Scottishly, John Maclean’s first feature is a bit of a brooder that can’t keep from sometimes cracking itself up. It follows a wayward teen (Kodi Smit-McPhee) through 1800s Colorado (2000s New Zealand), chasing the girl he likes (Caren Pistorius) and not realizing that his gruff bounty-hunter guide (Michael Fassbender) wants to find her too, for professional reasons. So the kid’s sort of a chump, but that doesn’t keep us from hoping things somehow might work out for him or that he’ll at least wise up if they don’t. Being maybe a softie at heart, the bounty hunter seems to share this view.
This territory isn’t new, of course. Maclean’s insight is to treat all his characters as random players on the front lines of manifest destiny, half-consciously wondering if they’re the butt of a cosmic joke. Sample dialogue: “East, what news?” “Violence and suffering. West?” “Dreams, and toil.” Or, another exchange, between the two main characters, as they mosey on horseback through the barrens: “We could have taken them in.” “In where?” Good point.
The movie looks great, in a meaningful way. Robbie Ryan’s beauty-attuned cinematography gives us a gradual focus pull from the haze of romantic hope to the cutting clarity of disillusionment. Not that tone control is always perfect here; the point-of-insight moment in Slow West’s climactic shootout seems like something Joel and Ethan Coen might have dared each other not to cut from an early draft. It’s a gag, at the protagonist’s expense, and it goes too far, even for a film that culminates in a wheat field whack-a-mole gunfight. But it’s not wholly inconsistent, as other piquant bits include a felled tree pinning the spread-armed skeleton of the man who chopped it down, and a bad guy played by Ben Mendelsohn as if trying hard not to burst into a Gary Oldman impression.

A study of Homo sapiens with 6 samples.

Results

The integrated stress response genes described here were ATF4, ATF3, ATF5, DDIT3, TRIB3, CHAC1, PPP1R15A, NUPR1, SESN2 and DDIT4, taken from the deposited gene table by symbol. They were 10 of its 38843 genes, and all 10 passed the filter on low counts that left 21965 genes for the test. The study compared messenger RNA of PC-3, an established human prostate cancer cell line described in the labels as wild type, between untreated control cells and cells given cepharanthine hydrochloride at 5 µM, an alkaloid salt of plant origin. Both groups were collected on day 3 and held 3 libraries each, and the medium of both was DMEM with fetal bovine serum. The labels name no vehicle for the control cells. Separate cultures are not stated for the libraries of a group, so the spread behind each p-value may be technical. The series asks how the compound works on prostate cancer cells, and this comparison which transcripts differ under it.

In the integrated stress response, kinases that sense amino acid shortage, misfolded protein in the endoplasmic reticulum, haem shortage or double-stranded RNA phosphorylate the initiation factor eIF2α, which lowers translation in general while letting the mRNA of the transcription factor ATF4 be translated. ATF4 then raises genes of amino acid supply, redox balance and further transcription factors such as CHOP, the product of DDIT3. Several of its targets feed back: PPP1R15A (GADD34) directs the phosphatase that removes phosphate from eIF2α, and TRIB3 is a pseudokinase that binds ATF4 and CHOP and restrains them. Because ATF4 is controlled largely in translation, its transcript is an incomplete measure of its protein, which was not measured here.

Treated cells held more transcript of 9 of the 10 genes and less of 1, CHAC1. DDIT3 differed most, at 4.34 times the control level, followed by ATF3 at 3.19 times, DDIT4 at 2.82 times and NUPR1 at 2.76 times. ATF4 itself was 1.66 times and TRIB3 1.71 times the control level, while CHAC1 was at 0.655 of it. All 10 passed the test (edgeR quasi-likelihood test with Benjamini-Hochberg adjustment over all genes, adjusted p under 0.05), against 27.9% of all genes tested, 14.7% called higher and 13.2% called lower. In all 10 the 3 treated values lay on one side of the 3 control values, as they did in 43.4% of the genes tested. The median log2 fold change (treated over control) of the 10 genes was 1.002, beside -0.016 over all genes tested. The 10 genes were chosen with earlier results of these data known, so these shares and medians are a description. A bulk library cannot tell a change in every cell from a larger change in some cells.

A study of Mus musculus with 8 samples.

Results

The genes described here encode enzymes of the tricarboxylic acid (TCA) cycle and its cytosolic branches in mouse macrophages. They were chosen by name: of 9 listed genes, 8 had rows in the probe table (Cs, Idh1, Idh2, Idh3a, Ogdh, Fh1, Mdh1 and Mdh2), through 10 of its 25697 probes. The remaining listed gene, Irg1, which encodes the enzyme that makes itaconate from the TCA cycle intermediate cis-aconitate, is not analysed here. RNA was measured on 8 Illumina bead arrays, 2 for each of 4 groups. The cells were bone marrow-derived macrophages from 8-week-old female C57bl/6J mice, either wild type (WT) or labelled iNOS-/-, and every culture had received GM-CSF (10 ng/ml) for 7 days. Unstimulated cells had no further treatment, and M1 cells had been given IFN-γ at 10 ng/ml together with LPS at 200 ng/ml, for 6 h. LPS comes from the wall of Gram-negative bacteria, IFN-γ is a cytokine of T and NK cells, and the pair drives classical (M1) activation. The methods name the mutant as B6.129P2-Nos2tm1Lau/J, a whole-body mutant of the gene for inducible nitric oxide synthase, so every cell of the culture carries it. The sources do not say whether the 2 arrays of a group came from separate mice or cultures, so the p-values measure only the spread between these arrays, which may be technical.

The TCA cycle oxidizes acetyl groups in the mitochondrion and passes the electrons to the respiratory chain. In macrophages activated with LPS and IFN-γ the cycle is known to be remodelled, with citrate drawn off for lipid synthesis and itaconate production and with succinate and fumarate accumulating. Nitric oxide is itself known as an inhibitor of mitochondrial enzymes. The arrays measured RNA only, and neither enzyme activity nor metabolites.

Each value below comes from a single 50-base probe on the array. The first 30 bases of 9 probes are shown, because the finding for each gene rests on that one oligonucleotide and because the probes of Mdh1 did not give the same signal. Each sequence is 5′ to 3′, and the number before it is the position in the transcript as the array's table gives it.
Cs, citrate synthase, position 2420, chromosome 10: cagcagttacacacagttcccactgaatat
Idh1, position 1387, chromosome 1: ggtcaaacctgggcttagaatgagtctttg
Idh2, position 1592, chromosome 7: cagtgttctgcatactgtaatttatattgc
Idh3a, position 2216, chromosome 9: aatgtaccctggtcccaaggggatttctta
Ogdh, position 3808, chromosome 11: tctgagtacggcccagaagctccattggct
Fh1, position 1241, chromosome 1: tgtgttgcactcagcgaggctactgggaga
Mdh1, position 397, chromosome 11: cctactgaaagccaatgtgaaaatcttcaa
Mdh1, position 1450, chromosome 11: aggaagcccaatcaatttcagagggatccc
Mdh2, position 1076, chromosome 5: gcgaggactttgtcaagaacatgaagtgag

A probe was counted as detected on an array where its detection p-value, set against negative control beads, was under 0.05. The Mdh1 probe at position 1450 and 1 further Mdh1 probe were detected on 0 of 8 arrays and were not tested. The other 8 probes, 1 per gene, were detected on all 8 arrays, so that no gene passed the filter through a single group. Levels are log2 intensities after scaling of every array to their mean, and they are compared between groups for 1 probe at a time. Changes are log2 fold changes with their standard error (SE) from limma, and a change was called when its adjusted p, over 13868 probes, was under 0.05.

Meanwhile, Fassbender seems less antsy about channeling Clint Eastwood, and so he inherits the mantle of Western anti-hero archetype smoothly, as we always knew he would. Smit-McPhee, by now a veteran of movie frontier treks (see also The Road, Young Ones, All the Wilderness), never puts a foot wrong. The two of them together is an odd and compelling sight to behold, an encouraging sign of fresh buddy-movie blood. They have a knack for making their stylized conversations sound natural.
“Dry your eyes, kid, let’s drift,” says the bounty hunter in one of many quotables, expounding what we know is an unsustainable worldview. Their path proves to be a trail of bodies, through which the movie—no longer jesting—backtracks in silence just before it ends.
In its best moments, Slow West manages to take the piss out of genre-mandated laconicism without losing sight of why we like it. At other times, the tone gets garbled, as if Maclean hasn’t yet figured out what great comment on Westerns in general he really wants to make. That’s OK, though; it’s about the journey, right?